A Salisbury woman was told by Brisbane City Council today that a community garden she has built with local children is to be torn down by Council.
“I’m afraid I was not very polite,” Ms Pia Deerain told The Generator, “I told him not to talk to me but to tell it to the children and then I hung up in his ear.”
Ms Deerain and nine of her neighbour’s children have started a compost heap and vegetable garden in her front yard, which last month extended onto the nature strip. Today, a council worker rang Ms Deerain to tell her the bad news.
There has been a spate of battles between gardeners and council recently with high profile celebrities such as the ABC’s Jerry Coleby Williams getting involved in some early cases in 2008. He recently published a how-to article on working with Council
The most recent case in Norman Park was allowed to remain after a number of high profile articles in the mainstream media. Council reports that it has “decided that the garden may remain once a trip hazard has been removed”.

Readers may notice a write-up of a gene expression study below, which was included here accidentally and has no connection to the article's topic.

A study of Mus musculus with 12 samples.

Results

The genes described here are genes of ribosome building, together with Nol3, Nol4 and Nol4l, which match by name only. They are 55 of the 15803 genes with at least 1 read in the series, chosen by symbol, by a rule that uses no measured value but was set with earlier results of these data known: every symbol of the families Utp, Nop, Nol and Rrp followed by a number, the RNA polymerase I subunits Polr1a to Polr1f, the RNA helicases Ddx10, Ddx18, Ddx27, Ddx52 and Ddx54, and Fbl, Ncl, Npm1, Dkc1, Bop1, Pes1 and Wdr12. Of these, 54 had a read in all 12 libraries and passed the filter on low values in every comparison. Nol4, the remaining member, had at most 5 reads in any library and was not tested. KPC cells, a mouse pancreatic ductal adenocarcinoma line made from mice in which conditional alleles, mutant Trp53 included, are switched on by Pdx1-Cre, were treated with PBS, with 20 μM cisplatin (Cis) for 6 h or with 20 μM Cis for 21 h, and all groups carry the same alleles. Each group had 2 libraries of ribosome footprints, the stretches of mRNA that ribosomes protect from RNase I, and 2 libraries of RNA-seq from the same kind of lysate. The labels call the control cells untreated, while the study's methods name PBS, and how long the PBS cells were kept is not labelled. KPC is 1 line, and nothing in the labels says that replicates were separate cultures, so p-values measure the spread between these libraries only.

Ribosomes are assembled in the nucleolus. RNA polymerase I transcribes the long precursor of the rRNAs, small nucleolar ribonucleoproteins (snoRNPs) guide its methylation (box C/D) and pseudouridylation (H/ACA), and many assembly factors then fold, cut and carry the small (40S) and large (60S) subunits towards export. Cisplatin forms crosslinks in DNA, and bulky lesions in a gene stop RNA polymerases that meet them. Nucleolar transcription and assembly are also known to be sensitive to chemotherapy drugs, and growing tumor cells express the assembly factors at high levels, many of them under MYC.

Council’s advice online is that gardens should not obstruct access to services and should not involve weeds or inappropriately large trees. Council has told Ms Deerain that they have picked out her garden in response to a complaint, but have not revealed the nature of the complaint.
The Generator observes that this may be due to Ms Deerain hanging up while the Council worker was still talking.
“We are talking about a couple of vegetable gardens in 30cm high bed,” Ms Deerain said. “If anyone needs access to the services I can remove the whole bed in fifteen minutes with a normal garden shovel.”
The controversial garden is geographically in the centre of the Moorooka Ward. Councillor Steven Griffins has been involved in a number of greening Moorooka activities across the ward. His office has been contacted by The Generator for comment. Greens candidate for Moorooka Leo Campbell said “Obviously Council has to ensure that planting in public spaces is appropriate, but the emphasis should be to encourage local food production and community engagement.”
Readers can contact Steven Griffiths as follows.